The new and evocative commercial for General Electric's 4D Ultrasound imaging system, which has been appearing across broadcast and cable networks, opens with a saccharine rendition of Ewan McColl's 1965 love ballad "The First Time Ever I Saw Your Face." The song serves as background music for a slow motion close-up of a blonde-haired, green-eyed pregnant mother's loving gaze. Still in slow motion, the ad then cuts to the object of her adoration, a GE computer monitor displaying the three-dimensional real-time movements of a golden-hued fetus. Shifting back to the awe-filled mother, the camera pans out and her thirty-something, waspish husband's anxious face appears. The next cut reveals a medical technician running the ultrasound transducer over the pregnant woman's stomach, as the GE monitor in the foreground highlights the movements of the fetus.
The clincher comes when a soft male voice enters over the music: "When you see your baby for the first time on the new GE 4D ultrasound system, [pause] it really is a miracle." The ad then closes by juxtaposing the fetal profile with the profile of the newborn infant as the parents hold the baby joyously in their arms.
It's not difficult to understand why pro-life conservatives are using the word "miracle" to describe the free political advertising that GE has so generously provided. Indeed, a recent report on James Dobson's Family News in Focus radio program characterized the reaction of pro-life interests:
Laura Echevarria, with the National Right to Life Committee, said this is a boost for the pro-life movement. "We are seeing that as technology rapidly advances, that it will become undeniable that the unborn child is human and deserves protection just like everyone else," Echevarria said. She cited recent polls that show the American public split 50-50 on the abortion issue, with the pro-life viewpoint gaining acceptance. She added that she'll take all the free advertising she can get. "Certainly, having a four-dimensional sonogram commercial air during Friends ... there's no way we could have been able to pay for that kind of ad," Echevarria said. And that, she said, is a miracle as well.
Like all good propaganda, the 4D Ultrasound commercial is a milieu of clever illusion. As GE explains on its Web site, the golden hue of the fetus is a technological additive, designed for aesthetic appeal. Meanwhile, the commercial intentionally blurs the distinction between a fetus and a newborn infant. The fetus as shown in the commercial appears to be in the late stage of pregnancy, and very close in appearance to an actual newborn child, yet medical literature on the new 4D Ultrasound describes its main benefit as specific to the first trimester.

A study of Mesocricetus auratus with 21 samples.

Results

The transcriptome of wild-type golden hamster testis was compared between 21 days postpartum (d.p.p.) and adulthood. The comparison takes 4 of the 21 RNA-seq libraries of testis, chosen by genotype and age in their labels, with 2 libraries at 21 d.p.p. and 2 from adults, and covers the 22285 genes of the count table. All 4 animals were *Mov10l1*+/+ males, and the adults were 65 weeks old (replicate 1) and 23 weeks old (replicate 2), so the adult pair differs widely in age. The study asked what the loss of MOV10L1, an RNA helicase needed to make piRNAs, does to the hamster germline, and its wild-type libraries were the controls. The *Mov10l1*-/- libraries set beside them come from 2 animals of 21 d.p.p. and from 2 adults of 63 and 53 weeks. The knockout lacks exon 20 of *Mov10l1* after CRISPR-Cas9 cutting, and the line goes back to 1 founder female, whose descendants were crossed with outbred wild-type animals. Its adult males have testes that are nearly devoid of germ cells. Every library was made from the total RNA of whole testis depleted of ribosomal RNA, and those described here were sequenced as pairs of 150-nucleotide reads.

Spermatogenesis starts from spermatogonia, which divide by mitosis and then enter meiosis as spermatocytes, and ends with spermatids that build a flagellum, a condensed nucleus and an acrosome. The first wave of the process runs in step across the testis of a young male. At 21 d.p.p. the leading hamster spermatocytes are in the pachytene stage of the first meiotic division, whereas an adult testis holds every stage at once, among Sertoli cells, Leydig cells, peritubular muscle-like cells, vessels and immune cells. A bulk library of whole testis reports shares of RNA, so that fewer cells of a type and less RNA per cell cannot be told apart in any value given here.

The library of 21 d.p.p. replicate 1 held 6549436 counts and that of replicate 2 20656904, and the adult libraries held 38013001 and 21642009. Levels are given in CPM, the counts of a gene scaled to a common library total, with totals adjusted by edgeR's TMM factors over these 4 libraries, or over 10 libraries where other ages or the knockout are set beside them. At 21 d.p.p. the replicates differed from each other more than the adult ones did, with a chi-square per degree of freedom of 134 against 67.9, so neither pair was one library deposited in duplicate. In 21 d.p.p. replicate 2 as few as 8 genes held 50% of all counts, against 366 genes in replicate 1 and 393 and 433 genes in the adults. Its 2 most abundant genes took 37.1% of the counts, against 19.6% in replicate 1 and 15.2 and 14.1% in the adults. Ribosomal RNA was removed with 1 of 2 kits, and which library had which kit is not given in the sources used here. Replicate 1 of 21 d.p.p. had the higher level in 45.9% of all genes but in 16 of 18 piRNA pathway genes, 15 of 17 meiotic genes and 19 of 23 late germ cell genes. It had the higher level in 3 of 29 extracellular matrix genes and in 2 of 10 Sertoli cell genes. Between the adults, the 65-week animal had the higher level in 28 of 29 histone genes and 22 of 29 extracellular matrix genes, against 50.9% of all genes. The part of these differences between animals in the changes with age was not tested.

The commercial is part of a new General Electric strategy to advertise medical technology directly to consumers, bypassing physicians and medical organizations. Borrowing a page from pharmaceutical companies, the 4D Ultrasound commercials are directed at manipulating consumers into showering their doctors and hospitals with requests for the new imaging system, thereby creating pressure on hospitals to acquire the device. But though the 4D ultrasound commercial might make for smart advertising, to what degree could it impact public perceptions of abortion?
An analysis of 30 years of poll trends by Columbia University political scientist Robert Shapiro finds that public support for abortion has increased significantly since the 1960s, but circumstances surrounding the procedure deeply affect attitudes. Today, more than 90 percent of Americans favor abortion if the woman's life is threatened, but less than 45 percent of Americans favor abortion upon demand.
Contrary to the claims of religious conservatives who warn that "liberal" portrayals of the family on network television are undermining American values, the best analyses of entertainment find that television has consistently favored traditional norms relevant to family life and sex roles. In fact, even nontraditional TV portrayals of the family -- including single parents, mixed race or interfaith families, or gay couples -- invariably lag behind demographic changes in the U.S. population. As for portrayals of abortion, the procedure is a consistently rare event on television. The result for heavy viewers tends to be attitudes about society that are in line with the conservative norms that they encounter in TV land.
Indeed, in their recent book Television and Its Viewers: Cultivation Theory and Research, communication researchers James Shanahan and Michael Morgan find support for the notion that television has a conservative influence on public attitudes toward abortion. In an analysis of national-level survey data, Shanahan and Morgan show that self-described liberals who are light viewers of television are strong supporters of abortion upon demand, whereas heavy-viewing liberals have opinions on the issue that are much closer to self-described conservatives and moderates.
Television viewing, therefore, appears to impact the abortion views of liberals but does not contribute to the views of conservatives. The reason, Shanahan and Morgan suggest, is that television portrayals of abortion are consonant with conservative viewpoints. By contrast, liberals at large in the world of television encounter majority moral viewpoints that are rather different from their own. In this regard, the best academic research provides a description of television that differs substantially from the conjecture and strong claims that dominate the rhetoric of the religious right. So perhaps the National Right to Life Committee should be glad not only about the GE ad, but about the "miracle" of television generally.